Wednesday, April 21, 2010

Coexisting with the Wild Things

Botswana is home to the cheetah, herds of gemsbok, prides of lions, giraffes and all manner of wildlife on its expansive plains. This wildlife is now under conservation as part of an evolving approach to resource management.

It's also part of a new emerging Africa, which is slowly evolving reform in governance, to counteract the corruption in government and society which keeps it from moving forward. New entrepreneurial alliances emerging from this country and others on this continent are bringing many people out of poverty at the same time that resources are being directed towards constructive business and infrastructure improvements. These things ease the poverty which degrades the environment of the African bush and the cities and townships which are a legacy of colonial imperialism. A reflective article by Bono expresses some of the cultural and innovative fusion that is taking place.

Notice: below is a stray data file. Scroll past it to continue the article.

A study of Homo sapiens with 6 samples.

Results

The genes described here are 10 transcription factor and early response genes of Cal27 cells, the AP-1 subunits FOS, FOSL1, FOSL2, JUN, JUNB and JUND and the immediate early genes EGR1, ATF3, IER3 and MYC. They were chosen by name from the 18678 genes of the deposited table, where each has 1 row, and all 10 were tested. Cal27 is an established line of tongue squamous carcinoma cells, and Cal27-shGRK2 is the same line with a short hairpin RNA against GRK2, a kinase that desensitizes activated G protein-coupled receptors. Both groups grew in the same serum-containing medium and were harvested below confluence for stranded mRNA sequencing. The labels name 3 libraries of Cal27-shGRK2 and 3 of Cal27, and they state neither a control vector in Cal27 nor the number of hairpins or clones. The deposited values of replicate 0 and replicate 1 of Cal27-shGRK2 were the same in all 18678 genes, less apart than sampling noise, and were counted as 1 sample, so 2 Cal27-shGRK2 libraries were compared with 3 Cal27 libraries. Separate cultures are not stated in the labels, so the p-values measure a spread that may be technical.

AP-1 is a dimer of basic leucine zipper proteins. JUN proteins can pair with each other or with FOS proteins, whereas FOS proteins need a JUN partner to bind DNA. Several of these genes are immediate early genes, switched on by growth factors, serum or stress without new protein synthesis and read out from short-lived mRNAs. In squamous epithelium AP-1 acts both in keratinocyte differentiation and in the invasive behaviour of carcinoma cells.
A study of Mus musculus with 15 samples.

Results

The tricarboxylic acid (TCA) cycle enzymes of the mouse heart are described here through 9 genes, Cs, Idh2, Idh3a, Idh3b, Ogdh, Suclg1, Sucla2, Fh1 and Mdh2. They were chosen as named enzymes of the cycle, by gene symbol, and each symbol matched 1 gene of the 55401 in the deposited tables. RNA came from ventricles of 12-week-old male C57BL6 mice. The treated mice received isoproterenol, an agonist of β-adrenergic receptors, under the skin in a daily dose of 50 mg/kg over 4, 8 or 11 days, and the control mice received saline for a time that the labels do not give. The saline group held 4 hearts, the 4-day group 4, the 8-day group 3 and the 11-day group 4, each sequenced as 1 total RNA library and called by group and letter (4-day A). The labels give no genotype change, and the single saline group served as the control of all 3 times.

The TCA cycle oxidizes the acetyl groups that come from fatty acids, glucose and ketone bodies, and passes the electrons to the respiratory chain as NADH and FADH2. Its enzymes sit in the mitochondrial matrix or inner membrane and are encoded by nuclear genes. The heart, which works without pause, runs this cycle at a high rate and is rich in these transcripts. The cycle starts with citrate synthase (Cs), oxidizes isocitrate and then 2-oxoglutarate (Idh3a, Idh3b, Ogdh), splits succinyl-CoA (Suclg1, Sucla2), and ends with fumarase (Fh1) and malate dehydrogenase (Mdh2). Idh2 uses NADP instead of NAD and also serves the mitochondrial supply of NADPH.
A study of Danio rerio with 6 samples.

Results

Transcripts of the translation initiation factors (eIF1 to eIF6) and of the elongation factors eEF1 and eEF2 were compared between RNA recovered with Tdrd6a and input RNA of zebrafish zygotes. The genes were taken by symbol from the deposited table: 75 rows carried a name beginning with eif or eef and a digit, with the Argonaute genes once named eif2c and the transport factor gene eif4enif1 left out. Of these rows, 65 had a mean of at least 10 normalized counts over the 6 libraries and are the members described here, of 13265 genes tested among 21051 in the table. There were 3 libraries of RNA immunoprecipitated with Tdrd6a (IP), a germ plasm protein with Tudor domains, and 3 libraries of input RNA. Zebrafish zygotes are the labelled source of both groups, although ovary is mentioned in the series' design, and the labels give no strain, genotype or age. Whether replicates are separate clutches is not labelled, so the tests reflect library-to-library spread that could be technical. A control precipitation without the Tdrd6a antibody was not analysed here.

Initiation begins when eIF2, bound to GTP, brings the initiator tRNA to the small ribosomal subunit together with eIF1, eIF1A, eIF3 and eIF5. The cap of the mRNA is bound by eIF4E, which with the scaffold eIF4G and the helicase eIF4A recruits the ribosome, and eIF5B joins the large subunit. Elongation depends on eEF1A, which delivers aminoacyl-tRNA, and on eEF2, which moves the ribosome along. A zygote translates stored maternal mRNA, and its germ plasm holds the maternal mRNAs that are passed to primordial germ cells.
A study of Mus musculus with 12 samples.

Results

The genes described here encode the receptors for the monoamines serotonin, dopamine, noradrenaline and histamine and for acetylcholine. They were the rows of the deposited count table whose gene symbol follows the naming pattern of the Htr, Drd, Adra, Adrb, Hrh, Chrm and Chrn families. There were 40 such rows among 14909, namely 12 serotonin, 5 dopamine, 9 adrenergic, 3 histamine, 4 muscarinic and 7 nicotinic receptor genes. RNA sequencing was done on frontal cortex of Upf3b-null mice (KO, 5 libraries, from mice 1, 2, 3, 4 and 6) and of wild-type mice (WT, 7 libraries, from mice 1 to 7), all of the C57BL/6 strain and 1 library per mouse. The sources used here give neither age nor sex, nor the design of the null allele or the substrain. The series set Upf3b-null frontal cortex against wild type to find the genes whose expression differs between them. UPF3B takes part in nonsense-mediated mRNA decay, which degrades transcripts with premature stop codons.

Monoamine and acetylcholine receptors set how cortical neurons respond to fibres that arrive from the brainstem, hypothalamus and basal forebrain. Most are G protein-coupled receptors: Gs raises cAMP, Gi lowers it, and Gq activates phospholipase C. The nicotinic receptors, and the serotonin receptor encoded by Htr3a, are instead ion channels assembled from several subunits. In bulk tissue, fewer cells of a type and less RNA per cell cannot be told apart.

Africa has a unique position in history as the birthplace of the human race, as well as being a continent with tremendous ecological biodiversity. But this is being threatened by the poaching and decimation of remaining wildlife. What this makes startlingly clear, per an article in The Atlantic, is that destruction of wildlife disrupts the entire cycle of life on this continent, which still heavily relies on natural processes, local farming and tribal migration to balance the ecosystem. Drought is forcing the nomadic tribes to abandon the range and camp out near the roads, as subsistence in this environment is no longer possible, and the stress is seen in the declining wildlife as well.

Addressing the consequences of climate change, as well as preserving and restoring the African bush heritage, are critical components of the emerging Africa and its new self-identity that moves beyond the tribal divisions and becomes self-reliant.